European Commission President Ursula von der Leyen on Monday said the bloc is “closing our airspace to planes from Belarus” and calling on EU airlines not to fly over the country. She added that “further economic sanctions will be presented soon.”
“This is an attack on freedom of expression and this is an attack on European sovereignty,” she said in a news conference. “This outrageous behavior needs a strong answer, therefore the European Council decided that there will be additional sanctions on individuals that are involved in the hijacking but this time also on businesses and economic entities that are financing this [Belarusian] regime.”
Scandinavian Airlines (SAS) said in a statement on Monday that it will reroute its twice weekly flights between Oslo and Kiev, the capitals of Norway and Ukraine, in line with instructions from the Swedish Transport Agency.
“Safety is always our highest priority. We follow the development closely and are in close contact with Scandinavian and European aviation authorities and follow their instructions,” SAS added.
Earlier on Monday, Latvia’s flag carrier AirBaltic said it had “decided to avoid entering Belarus airspace until the situation becomes clearer or a decision is issued by the authorities.”
UK Transport Secretary Grant Shapps said on Twitter that he has instructed the UK Civil Aviation Authority to request airlines “avoid Belarusian airspace in order to keep passengers safe.” He said that he has also suspended Belarus’ flag carrier Belavia’s operating permit.
The Ryanair flight was about to begin its descent to Vilnius in Lithuania when it suddenly changed direction, turning sharply east and descending towards the Belarusian capital.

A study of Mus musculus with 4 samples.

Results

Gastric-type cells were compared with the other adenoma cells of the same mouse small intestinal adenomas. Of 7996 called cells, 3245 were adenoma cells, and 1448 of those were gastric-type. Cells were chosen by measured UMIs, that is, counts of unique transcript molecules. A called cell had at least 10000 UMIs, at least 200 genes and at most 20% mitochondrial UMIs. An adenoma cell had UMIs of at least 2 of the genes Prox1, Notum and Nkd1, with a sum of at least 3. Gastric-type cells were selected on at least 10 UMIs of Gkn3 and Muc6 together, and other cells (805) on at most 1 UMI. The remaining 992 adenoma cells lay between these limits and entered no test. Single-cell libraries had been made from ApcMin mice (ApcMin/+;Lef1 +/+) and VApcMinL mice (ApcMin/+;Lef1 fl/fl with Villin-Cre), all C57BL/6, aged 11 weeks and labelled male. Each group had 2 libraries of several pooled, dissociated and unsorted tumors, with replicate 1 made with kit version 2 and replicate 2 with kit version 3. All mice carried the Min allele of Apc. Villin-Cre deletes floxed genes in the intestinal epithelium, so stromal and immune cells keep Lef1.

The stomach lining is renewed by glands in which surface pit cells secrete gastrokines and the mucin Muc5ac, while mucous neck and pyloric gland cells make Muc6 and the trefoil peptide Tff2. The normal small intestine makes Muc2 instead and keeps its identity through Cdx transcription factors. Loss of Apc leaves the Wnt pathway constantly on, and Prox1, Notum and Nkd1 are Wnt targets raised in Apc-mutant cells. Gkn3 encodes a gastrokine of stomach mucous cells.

One of the passengers on the aircraft was Belarusian journalist and opposition activist Roman Protasevich, who was arrested as soon as the plane landed, according to the Belarus Interior Ministry.
“It appears the intent of the authorities was to remove a journalist and his traveling companion,” O’Leary told Ireland radio station Newstalk. He said Belarusian secret security agents were also on board the flight, which had taken off from Athens.
US Transportation Secretary Pete Buttigieg said Monday that the US government was assessing whether American airlines were safe flying over Belarus airspace. “We, both in terms of the international bodies we’re part of and as an administration with the FAA [Federal Aviation Administration] are looking at that,” he told CNN’s John Berman.
Willie Walsh, the director general of the International Air Transport Association (IATA) and former CEO of British Airways’ parent company IAG, told CNN he couldn’t recall an incident like this in his career.
“We strongly condemn the actions of the government of Belarus in intercepting this flight and forcing it to land,” he told CNN’s Becky Anderson. “It clearly was an extremely dangerous action by the government. It put the crew of the Ryanair aircraft in a very difficult situation.”
“The information that’s available to us certainly suggests that this was an unlawful act taken to interfere with the proper operation of a civil passenger aircraft,” Walsh added.
Walsh said it was up to individual airlines and pilots to decide whether to fly over Belarus, but he suspected that more airlines would look to avoid the airspace as “more information becomes available.”
He also warned that diverting around Belarusian airspace could itself lead to other risks as a number of areas, particularly in the case of Eastern Ukraine, are already avoided by airlines.
Dutch carrier KLM told CNN Business that it continues to operate flights to and from Belarus as normal.
— Karen Smith, Tim Lister, Chris Liakos, Lauren Gunn and Sam Fossum contributed reporting.